When people do something for their fitness, it’s typically for a very distinct aim: losing weight, getting into (a certain) better shape, running a marathon, bench-pressing a certain weight.
As in the case of weight, goals can be helpful, and observations of progress (trends) even more so. However, a singular focus on single aspects does not make for great fitness and health.
Many are the runners who forget to develop their upper bodies and their strength, many the bodybuilders who look strong, but can hardly move anymore, let alone run – and many both the overweight and those of normal weight who are lacking in the skills for the extraordinary everyday.
For both the “what” and the “why,” these are just the things to focus on, though: the skills of everyday movement – sprinting a short distance, walking for a long time, balancing along a line, carrying bags (or a child, or one’s wife, or someone injured), pulling oneself up a wall,…
These are things that even children, left to their own devices, would typically be doing, things that one doesn’t need special equipment for, things that strengthen not just one muscle group or the other but the whole body in its range of strength, speed, endurance, and motion – and they are things that it has always been necessary to be able to perform.
Yes, modern life is different.
With a car right out the door, the distance to the next supermarket or the workplace too far to walk, convenience food all around and workplaces (and places of learning) organized so as to work while seated, life-hacking and the latest fitness fashions promising the fastest results with the most minimal of effective doses, it is easy to forget and be kept from movement skills that have always been a part of daily life – until recently.
So, modern life is deadly.
Average life expectancies have still been increasing, but the burden of disease has also been rising.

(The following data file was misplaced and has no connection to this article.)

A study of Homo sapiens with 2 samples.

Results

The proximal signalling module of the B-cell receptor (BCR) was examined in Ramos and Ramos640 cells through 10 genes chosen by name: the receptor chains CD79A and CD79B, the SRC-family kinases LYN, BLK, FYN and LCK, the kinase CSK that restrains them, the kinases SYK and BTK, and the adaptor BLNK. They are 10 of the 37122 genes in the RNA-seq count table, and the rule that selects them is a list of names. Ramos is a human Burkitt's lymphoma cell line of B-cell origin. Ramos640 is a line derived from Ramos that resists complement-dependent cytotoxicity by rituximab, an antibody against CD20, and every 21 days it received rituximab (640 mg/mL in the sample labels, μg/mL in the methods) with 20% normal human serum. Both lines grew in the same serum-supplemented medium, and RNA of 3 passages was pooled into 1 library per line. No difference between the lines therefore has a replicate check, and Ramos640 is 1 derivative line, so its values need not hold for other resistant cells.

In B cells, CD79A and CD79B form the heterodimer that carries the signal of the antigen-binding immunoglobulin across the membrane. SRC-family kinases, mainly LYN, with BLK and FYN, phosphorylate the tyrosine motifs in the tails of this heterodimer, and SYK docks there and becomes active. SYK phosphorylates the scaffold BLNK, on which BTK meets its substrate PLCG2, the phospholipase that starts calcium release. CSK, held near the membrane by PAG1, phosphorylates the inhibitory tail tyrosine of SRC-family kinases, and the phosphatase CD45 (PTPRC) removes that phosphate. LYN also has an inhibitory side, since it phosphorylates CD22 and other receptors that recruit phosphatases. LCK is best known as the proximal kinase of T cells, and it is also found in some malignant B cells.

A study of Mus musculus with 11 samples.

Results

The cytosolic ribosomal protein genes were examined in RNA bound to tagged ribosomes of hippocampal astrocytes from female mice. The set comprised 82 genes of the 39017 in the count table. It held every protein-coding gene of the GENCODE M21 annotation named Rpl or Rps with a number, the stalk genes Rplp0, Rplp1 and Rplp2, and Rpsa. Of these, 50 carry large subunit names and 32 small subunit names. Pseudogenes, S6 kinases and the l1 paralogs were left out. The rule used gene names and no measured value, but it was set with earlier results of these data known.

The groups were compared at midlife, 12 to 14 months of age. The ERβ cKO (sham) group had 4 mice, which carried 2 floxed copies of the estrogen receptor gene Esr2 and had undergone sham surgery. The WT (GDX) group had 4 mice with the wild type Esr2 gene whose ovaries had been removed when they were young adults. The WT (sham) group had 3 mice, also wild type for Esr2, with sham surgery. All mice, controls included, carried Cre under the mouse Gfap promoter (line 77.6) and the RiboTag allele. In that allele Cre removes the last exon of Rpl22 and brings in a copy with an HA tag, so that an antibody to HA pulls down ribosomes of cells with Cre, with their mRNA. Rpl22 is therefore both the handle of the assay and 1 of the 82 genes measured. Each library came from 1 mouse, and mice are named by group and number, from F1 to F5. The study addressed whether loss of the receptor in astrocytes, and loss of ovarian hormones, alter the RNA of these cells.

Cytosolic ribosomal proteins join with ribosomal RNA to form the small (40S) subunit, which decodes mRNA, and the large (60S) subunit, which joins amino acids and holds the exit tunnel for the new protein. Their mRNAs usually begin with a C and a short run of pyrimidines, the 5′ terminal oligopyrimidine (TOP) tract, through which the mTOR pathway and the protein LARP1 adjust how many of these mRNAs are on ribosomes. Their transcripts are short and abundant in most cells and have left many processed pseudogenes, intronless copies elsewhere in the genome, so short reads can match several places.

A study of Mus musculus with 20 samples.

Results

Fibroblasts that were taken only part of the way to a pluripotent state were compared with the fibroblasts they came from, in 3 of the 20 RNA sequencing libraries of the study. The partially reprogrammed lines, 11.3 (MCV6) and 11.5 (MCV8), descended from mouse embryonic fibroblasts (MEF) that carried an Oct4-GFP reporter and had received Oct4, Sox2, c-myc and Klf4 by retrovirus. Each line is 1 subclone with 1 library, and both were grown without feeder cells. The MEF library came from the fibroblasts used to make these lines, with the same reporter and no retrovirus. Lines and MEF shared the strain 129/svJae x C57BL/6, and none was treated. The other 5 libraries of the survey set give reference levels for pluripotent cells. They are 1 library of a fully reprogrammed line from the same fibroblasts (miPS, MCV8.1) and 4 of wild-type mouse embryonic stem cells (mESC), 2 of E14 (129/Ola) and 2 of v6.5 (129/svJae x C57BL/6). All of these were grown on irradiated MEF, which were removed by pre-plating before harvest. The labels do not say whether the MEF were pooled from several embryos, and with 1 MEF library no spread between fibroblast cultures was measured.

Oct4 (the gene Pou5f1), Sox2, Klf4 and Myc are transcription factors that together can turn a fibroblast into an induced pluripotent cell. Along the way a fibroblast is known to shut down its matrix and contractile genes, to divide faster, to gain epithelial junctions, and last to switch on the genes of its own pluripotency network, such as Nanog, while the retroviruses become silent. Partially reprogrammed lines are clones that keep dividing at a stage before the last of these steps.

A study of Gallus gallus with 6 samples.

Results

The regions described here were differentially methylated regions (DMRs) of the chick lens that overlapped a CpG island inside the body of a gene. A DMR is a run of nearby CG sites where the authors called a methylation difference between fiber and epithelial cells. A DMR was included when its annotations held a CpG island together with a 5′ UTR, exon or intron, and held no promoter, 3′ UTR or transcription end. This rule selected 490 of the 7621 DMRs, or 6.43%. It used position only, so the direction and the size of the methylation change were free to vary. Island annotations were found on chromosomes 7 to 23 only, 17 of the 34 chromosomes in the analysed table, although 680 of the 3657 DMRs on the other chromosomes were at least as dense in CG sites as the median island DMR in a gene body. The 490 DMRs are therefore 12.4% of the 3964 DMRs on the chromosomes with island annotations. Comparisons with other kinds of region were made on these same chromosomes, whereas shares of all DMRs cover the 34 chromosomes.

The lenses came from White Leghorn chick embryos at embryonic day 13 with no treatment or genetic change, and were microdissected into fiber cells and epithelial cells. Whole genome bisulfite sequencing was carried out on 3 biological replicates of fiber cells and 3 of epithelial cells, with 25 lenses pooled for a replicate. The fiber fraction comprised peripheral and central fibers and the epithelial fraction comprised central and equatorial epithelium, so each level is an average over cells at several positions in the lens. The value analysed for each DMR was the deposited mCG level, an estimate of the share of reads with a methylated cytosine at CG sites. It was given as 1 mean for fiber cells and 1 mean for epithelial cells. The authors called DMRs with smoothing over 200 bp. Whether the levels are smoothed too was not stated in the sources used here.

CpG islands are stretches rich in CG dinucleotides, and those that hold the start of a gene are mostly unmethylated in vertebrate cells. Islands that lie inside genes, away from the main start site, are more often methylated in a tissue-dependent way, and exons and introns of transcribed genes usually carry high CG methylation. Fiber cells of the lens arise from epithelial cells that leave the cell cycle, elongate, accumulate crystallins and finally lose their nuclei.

Yes, people live longer – but they hardly live for the longest of this additional time. They exist, stuffing themselves and moving only from sitting in the car to sitting at work to sitting in front of the TV, eating.
Obesity is fast becoming the normal state among younger generations, and comfortable though it may appear – as long as you never have to move much – when it’s extreme or isn’t just a slight overweight going together with enough fitness, it limits your chances of living well.
Metabolic syndrome, of which obesity is a symptom, also affects people of normal weight and threatens “diseases of civilization” even for them… but here, we’ll be getting into the issue of food and eating, more than into movement and fitness skills.
All it takes is your own body, a cue from children’s playful attitude towards movement, and cues you set yourself up to get to doing something, from working more while standing, to running up the stairs, to going out for a sports activity with a friend… and rather than live comfortably and get worse, you can get to better. Not just to having less weight or sporting a better-looking physique, either, but to being in better health and capable of more.
Isn’t that a worthy goal, and a great means, to pursue? Sure, it can be hard – but it’s fun and gets easier literally with every step, moving away from modern life’s real danger.